Healthcare Cuts – Can We Take More Austerity?
It’s no secret that the economy is in a little bit of trouble. There’s the prospect that the UK economy could be heading towards a ‘triple-dip’ recession, which has given the current coalition government reason to try and slash their annual budget. Many departments including welfare and security are feeling the pinch, but it seems that healthcare could be affected more than most.
Governments all over the world are looking to reduce their spending, with many faced by growing mountains of debt caused by rising unemployment, bailing out of companies deemed ‘too big to fail’ and general overspending in better times. To try and combat the debt, some governments are left with little choice but to implement austerity measures.
Healthcare: no longer a sacred cow
Healthcare is among the biggest areas of spending for many nations. While an essential service, some politicians are opposed to the idea of universal healthcare, while others believe that to try and reduce spending, privatisation or partial closure of some services are vital. In any event, healthcare is among the first things to suffer during prolonged periods of economic misery.
In recent months, closures of wards, accident and emergency (A&E) services and even entire hospitals have been approved to the dismay of local communities. As a result, protests like those in the Lewisham area of London have taken place, with some managing to reverse the decisions made by healthcare bosses, but that’s not always the case.
Waiting too long
Another consequence of healthcare cuts is that those services are spared from being culled entirely are more than likely to get worse. Pressure to reduce spending can sometimes mean that skilled nurses, doctors, surgeons and even admin staff and cleaners are made redundant, leaving less staff to do more work.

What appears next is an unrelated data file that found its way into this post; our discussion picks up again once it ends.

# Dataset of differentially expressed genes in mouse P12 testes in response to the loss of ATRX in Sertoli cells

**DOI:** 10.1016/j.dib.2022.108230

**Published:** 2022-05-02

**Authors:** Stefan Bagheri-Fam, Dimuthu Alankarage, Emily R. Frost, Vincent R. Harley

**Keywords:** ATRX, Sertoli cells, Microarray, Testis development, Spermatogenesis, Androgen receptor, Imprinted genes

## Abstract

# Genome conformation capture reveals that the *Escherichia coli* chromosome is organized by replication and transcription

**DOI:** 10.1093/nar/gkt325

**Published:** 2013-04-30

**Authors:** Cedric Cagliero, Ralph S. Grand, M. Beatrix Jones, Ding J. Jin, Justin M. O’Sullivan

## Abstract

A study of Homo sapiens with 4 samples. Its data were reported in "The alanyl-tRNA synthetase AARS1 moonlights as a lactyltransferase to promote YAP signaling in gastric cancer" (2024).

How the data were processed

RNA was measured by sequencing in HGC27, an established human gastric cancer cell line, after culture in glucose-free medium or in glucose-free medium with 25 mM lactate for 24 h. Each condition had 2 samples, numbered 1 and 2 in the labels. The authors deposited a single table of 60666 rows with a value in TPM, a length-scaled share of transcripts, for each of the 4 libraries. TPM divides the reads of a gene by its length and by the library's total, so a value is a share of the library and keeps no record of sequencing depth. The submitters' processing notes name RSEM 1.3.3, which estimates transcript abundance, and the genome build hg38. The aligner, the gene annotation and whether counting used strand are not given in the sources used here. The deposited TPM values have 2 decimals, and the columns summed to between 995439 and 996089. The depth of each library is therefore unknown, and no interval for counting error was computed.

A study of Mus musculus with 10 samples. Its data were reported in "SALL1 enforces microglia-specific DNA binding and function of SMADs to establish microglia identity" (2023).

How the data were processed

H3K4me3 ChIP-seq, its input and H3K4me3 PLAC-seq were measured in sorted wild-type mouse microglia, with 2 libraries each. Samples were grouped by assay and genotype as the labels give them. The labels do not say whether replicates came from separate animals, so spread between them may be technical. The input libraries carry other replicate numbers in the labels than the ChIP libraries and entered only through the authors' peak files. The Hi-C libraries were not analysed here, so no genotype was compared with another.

This could be catastrophic, as overworked members of staff are less likely to do a good job. Also, if there are less people to work in a hospital or health centre, dirtier wards and equipment, slower response times and longer waiting lists for operations are potentially something that could become the norm.
Longer waiting times in A&E departments in particular are becoming a problem for many patients. According to an article on medicalsolicitors.co.uk, some patients admitted to A&E after serious accidents are being made to wait in excess of four hours before they get to see a doctor to find out what’s wrong with them.
A possible solution
The issue of waiting times is a thorny issue, but in the Isle of Man, it seems that they’re trying to tackle the problem of waiting in hospital for urgent medical attention. Waiting lists for operations are an even bigger problem, with some waiting as much as eight months before they’re able to have surgery performed on them.
Whether the island’s health minister will be true to their word is unknown, but it’s clear that cutbacks to healthcare are only making matters worse.